Sis… Take Off Your Cape

Less than a week before William and I said “I do,” my best friend, Emily, said something that I tried to brush off before. My now-husband and I had just gotten into an argument about our smaller at the home ceremony. I had just finished cooking fried pork chops, mac ‘n cheese, asparagus, and brownies for dinner for ourselves and his best friend after making ceremony arrangements during my periodic breaks from keeping my job afloat in a virtual world. The argument got a little heated about whether or not we would have the ceremony indoors or outside; I know, in hindsight, very not worth the energy of this argument. I decided to take a drive and cool down before continuing the conversation.

I called Emily to make sure that I wasn’t crazy and told her everything that was going on. Honestly, this argument was an accumulation of two weeks of stressing out about whether or not we should cancel our wedding thanks to COVID-19, calling guests twice with updates about the plan, scrambling to put together a truly memorable ceremony at our house for our closest family and friends. I had just hit my breaking point while trying to deal with the emotional turmoil of a pandemic and trying to do my regular job with as much energy as usual. As I wrap up my story to Emily with the phrase, I don’t know why he thinks I can do it all; I am not superwoman. Emily’s response was perfect, “girl think about all you do regularly, is it his all his fault that he thinks that you are superwoman?”

It caught me off guard, but she was right. I usually proudly wear my superwoman cape of being able to do it all. Read three books a week, no problem. Start a website; I can do that in my sleep. Take a thought leadership course, heck, yes! Start a new leadership development program, that’s my jam. Make sure there is a fresh-baked goodie at home, always. Make sure the dogs have all the treats and toys in the world, I don’t have a sign at my desk that reads I work so my dogs can have a better life for no reason. Do it all on 2 hours of sleep, while working a full-time job, being a member of a few philanthropic organizations, and never complain or drop the ball for any of them, check.

I have no idea when I acquired this need to do it all, but I know it stems from the need to work 110% harder to get to the same place as my white counterparts. There is this constant pressure on Black women to do it all. I watched my grandmothers do it all. One grandmother had a Ph.D. in mathematics, taught college mathematics, kept the family history, raised three kids, cooked and kept house. She even got herself to the hospital when she went into labor with my dad because she knew she couldn’t rely on her husband to be on time. The other moved her family into a majority white neighborhood to provide them the best education possible, drove the local school bus, cleaned her neighbors’ houses, raised three kids on her own never letting them want for nothing, took care of her husband while he had cancer, was a premier bowler, and helped raise a whole lot of us in the next generation. I watched my mom do it all. My mom had my older sister in college, she graduated with a bachelors in science in nursing, raised my older sister, joined the Navy, raised three very opinionated girls, helped raise her nieces and nephews, is the second in line of the matriarchy, all on top of like twelve million other things I don’t know she does. And every other Black woman I’ve known has carried the weight of the world on her shoulders to create a better future for the next generation.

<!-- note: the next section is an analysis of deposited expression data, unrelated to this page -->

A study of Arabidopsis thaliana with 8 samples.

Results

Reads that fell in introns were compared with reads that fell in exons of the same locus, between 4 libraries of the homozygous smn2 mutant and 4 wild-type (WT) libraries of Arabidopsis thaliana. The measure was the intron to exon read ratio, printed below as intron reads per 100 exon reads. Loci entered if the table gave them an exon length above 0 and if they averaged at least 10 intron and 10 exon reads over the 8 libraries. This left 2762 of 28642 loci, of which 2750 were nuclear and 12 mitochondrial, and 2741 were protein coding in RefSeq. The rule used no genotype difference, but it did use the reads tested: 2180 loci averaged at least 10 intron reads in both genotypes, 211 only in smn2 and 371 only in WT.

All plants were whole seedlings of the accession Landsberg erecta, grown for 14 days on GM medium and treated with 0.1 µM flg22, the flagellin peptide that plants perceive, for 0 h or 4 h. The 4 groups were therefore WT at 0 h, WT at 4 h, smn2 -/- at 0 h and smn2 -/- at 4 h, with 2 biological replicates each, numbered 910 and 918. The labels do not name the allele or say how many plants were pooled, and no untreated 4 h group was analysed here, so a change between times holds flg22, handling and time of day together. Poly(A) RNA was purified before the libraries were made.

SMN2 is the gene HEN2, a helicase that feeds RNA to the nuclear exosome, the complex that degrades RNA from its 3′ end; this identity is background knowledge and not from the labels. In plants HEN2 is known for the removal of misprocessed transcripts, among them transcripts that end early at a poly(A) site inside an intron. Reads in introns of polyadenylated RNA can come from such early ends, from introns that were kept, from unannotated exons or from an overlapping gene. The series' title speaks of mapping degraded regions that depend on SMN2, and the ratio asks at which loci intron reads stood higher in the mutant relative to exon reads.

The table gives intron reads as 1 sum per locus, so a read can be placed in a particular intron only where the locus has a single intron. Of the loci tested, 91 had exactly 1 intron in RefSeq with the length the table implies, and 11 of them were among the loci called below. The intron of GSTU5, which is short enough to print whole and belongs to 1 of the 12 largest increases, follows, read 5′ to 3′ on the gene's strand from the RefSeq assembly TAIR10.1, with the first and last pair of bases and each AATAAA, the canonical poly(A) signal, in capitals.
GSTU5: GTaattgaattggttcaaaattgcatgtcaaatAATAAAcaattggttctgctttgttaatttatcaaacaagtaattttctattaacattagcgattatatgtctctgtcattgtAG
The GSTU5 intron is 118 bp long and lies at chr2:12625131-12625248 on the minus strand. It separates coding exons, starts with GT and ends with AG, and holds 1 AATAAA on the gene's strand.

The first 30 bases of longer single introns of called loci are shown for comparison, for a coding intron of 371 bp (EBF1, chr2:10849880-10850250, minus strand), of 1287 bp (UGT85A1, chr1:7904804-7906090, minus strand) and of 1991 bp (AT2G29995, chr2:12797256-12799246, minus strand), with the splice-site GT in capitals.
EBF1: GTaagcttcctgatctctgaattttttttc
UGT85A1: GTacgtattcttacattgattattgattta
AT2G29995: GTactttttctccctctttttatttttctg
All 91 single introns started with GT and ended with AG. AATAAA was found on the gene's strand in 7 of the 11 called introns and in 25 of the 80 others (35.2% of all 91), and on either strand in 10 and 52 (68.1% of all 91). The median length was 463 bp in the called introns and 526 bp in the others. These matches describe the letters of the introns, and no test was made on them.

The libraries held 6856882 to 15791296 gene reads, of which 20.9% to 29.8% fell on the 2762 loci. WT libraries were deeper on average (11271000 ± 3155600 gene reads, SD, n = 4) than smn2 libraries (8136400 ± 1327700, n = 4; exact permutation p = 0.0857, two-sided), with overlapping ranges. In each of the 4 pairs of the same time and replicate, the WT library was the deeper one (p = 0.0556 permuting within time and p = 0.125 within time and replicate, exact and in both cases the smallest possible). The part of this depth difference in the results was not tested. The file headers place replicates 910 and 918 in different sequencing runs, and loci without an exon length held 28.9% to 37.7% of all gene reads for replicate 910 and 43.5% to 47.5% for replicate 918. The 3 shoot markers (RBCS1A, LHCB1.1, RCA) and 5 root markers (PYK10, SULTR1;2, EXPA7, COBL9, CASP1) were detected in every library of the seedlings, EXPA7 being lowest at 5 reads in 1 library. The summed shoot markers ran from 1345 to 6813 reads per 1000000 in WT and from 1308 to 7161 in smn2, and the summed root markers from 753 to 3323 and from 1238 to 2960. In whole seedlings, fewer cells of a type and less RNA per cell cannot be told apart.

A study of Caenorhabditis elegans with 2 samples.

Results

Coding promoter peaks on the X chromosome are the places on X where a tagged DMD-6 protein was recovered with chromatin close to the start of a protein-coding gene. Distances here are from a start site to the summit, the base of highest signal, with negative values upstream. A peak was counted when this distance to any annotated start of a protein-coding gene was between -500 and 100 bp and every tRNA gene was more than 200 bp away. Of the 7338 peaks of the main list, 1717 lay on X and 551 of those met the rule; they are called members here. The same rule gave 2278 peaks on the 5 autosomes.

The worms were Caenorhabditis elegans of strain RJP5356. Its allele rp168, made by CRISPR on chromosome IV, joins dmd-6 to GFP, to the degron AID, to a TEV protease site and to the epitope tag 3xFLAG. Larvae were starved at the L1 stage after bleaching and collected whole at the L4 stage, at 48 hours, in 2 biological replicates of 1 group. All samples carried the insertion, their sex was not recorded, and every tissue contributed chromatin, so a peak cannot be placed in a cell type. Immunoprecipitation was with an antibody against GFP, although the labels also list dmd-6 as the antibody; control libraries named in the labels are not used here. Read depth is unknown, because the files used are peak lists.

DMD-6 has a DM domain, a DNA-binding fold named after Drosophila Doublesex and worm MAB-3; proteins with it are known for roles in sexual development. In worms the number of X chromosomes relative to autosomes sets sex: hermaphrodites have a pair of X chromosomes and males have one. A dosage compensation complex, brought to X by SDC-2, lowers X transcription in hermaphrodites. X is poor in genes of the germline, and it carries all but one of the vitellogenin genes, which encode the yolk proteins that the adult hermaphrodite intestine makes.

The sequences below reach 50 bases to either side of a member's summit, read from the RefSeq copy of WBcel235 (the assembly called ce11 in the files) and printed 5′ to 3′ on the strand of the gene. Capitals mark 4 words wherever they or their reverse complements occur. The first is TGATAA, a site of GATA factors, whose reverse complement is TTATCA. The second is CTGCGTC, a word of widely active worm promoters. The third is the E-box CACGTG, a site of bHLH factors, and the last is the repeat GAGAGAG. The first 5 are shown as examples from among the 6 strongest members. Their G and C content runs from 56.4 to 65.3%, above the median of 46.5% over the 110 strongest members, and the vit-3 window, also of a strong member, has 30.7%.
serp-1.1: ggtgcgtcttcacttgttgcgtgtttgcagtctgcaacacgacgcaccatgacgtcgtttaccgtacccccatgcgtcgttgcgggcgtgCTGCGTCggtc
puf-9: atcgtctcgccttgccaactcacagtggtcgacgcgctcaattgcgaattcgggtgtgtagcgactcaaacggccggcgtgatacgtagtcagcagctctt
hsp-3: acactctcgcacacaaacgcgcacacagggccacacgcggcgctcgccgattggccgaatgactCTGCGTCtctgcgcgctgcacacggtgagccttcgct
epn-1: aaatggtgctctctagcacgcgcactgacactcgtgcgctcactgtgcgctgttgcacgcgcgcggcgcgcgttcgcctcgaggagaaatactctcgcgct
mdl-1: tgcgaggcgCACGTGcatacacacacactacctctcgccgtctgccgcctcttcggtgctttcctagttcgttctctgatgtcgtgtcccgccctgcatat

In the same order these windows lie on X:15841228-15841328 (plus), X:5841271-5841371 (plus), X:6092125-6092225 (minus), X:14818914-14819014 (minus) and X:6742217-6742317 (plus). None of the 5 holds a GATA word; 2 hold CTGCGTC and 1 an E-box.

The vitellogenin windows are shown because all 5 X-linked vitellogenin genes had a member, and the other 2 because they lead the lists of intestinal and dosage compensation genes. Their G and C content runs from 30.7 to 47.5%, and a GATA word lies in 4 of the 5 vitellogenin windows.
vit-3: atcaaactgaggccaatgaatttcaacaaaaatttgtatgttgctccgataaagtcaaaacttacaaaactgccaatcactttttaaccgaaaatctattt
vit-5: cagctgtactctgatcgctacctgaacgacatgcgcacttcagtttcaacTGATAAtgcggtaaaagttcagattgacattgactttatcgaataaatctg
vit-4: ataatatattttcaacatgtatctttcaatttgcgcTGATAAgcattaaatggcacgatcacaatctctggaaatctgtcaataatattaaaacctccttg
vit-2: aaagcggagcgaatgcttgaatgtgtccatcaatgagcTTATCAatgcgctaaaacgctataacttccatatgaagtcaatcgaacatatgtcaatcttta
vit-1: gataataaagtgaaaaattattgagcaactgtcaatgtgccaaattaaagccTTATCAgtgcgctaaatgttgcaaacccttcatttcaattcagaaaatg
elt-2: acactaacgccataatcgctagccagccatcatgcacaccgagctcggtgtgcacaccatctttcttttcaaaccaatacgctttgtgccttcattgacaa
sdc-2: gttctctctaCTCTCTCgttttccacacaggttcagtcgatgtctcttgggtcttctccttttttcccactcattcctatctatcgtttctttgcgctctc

I know I needed to take a step back and hang up the cape to be able to be happy and healthy, but I have this nagging voice in the back of my head to do more to prove my worth. But I must remember that I have to prove that I am worthy of my own self-love, and take off the cape. I am worthy of taking a step back and sleeping and dreaming and being idle; I am worthy of the self-love that comes with taking off said cape and take the world off my shoulders for a bit. I do this to create a better future. I do this to help my sisters and my future children know that they are worthy and that they may rest as well. For all of our sakes, sis take off your cape.




Cathryn is a Community leader who hopes to shift what community engagement and relations for the philanthropic community and encourage the next generation.


Cathryn McClellan Kelly

Cathryn is a Community leader who hopes to shift what community engagement and relations for the philanthropic community and encourage the next generation.